In today’s hectic world and busy work schedules, people are always on the lookout for possible ways to improve their overall physical and mental well being and to enhance their quality of life. In this article, we will look at what the CRP blood test or the C- Reactive Protein Blood Test is and how it can benefit individuals and patients as a medical test.
C-Reactive Protein or CRP Blood Test: A Brief Overview
A substance excreted by the liver to respond to the body’s inflammation, C-reactive protein is also called by other names such as Ultra-Sensitive C-reactive protein or us-CRP or high sensitivity C-reactive protein (hs-CRP). C-Reactive Protein or CRP is usually brought about by the body’s inflammatory response to various different health conditions or illnesses such as cancer, bodily infections and problems with the inflamed arteries which may subsequently lead to various cardiovascular or heart diseases. It must be considered though that CRP or C-Reactive Protein Test is a very non-specific test that can detect a wide range of different illnesses that cause inflammation or trigger the body’s inflammatory response.
What it means to have C-Reactive Protein or CRP that is higher than normal
Medical professionals and Doctors do not have any clear consensus on what increased or higher levels of C-reactive Protein or CRP mean or indicate. However, there is a general leaning towards the possibility of high or increased levels of C-reactive protein as an indication of the increased possibility or risk of the occurrence of strokes, heart attacks, and other cardiovascular diseases.
Evidence suggests that males who are considered healthy but have been found or diagnosed with high levels of C-Reactive Protein or CRP may have an increased risk for needing more intense management and treatment of heart or cardiovascular disease. This means that people with higher CRPs or C-Reactive Protein Levels may need to be more closely monitored and treated by their doctors or health professionals after an incidence of heart attack or stroke or any other medical procedures related to the cardiovascular system. C-reactive protein or CRP levels can also help health professionals determine an individual’s risk for developing cardiovascular disease or heart disease if and when the levels of cholesterol are not enough to determine the aforementioned illnesses.
Certainly, other health conditions are also considered high-risk factors in terms of developing cardiovascular disease or heart diseases such as Hypertension or high blood pressure, smoking, increased levels of cholesterol, poor or unhealthy diet, limited or lack of exercise or physical activity, excessive alcohol intake, obesity or being overweight and genetics or a family history of cardiovascular and heart diseases.
How is the C-reactive protein test conducted?
The C-reactive Protein or CRP test can be conducted without requiring any form of preparation from the patient or the individual. Food intake or the lack thereof does not have any direct effect on the test as well and so eating on the day of the test itself is a non-issue. A medical practitioner such as a nurse will usually retrieve blood from the patient’s vein commonly located on the back of the elbow or the reverse of the patient’s hand.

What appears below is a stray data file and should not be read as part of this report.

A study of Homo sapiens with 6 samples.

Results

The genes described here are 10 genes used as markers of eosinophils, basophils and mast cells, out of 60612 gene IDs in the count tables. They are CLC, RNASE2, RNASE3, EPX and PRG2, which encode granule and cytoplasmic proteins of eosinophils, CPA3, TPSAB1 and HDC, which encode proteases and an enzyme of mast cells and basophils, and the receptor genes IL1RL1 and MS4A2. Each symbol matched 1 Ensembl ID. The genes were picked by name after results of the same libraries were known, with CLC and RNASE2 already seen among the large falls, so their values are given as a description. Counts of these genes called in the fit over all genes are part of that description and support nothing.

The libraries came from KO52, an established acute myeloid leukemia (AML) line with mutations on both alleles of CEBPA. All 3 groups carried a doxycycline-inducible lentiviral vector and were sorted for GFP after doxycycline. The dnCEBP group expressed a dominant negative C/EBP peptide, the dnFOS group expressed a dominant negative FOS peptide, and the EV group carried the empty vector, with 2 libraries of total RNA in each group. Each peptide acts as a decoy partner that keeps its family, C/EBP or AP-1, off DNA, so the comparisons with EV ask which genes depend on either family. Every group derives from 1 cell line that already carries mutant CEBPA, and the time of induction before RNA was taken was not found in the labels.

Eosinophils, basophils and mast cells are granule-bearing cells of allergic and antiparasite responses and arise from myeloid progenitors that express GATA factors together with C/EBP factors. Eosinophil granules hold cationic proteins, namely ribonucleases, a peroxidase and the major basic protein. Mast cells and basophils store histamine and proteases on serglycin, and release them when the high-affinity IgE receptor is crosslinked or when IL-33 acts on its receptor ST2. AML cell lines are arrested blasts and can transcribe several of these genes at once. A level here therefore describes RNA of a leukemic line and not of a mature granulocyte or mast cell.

The first step is that the nurse sterilizes or cleanses the area of the skin where the blood sample will be taken. They then wrap an elastic rubber band around the patient’s arm to make the vein pop, making it easier for the nurse to draw blood from the vein. A small needle is then inserted by the medical professional or nurse into the patient’s vein and collects the amount of blood needed before transferring the said collected blood into sterilized vials for further testing.
Once the nurse or the medical professional removes the inserted needle from the patient’s arm, the nurse then requests the patient to hold onto a cotton swab applying pressure on the area of extraction to avoid blood from clotting around the said area before applying gauze or bandage.
What is the significance of the C-reactive protein or CRP Test?
As stated earlier, a C-reactive protein or CRP test can mean a number of different things in connection with a person’s health or wellness. C-Reactive Protein or CRP is usually evaluated based on CRP mg/L per liter of blood. Lower C-reactive protein or CRP tests are usually preferable than higher ones as low C-reactive protein or CRP results mean less or fewer instances of inflammation.
According to experts, those with C-reactive Protein or CRP levels lower than 1 mg/L means a decreased risk of developing cardiovascular disease. Those with C-reactive Protein or CRP levels that range from 1 and 2.9 mg/L indicates that a patient is at intermediate risk while those with C-reactive Protein or CRP levels that are greater than 3 mg/L indicates they have a higher risk of developing cardiovascular or heart diseases.
Those patients who may get a reading that higher than 10 mg/L need to have further tasks conducted on them as they indicate other underlying medical conditions such as infections like pneumonia, lymphoma or cancer, autoimmune diseases, connective tissue disease, lupus, tuberculosis, IBD, arthritis flare-ups, osteomyelitis or other bone infections.
Patients taking some Birth Contol Pills may have elevated C-Reactive Protein Test results and should not be considered abnormal in terms of findings of inflammation. Pregnant women may also experience elevated levels of C-reactive protein and may actually indicate some form of medical issue. However, further tests or research are needed to confirm what are the possible reasons for their elevated C-Reactive Protein or CRP Results. The important thing to note though is that people should talk to their doctor about their existing medical conditions for them to be able to properly assess the results of the said test.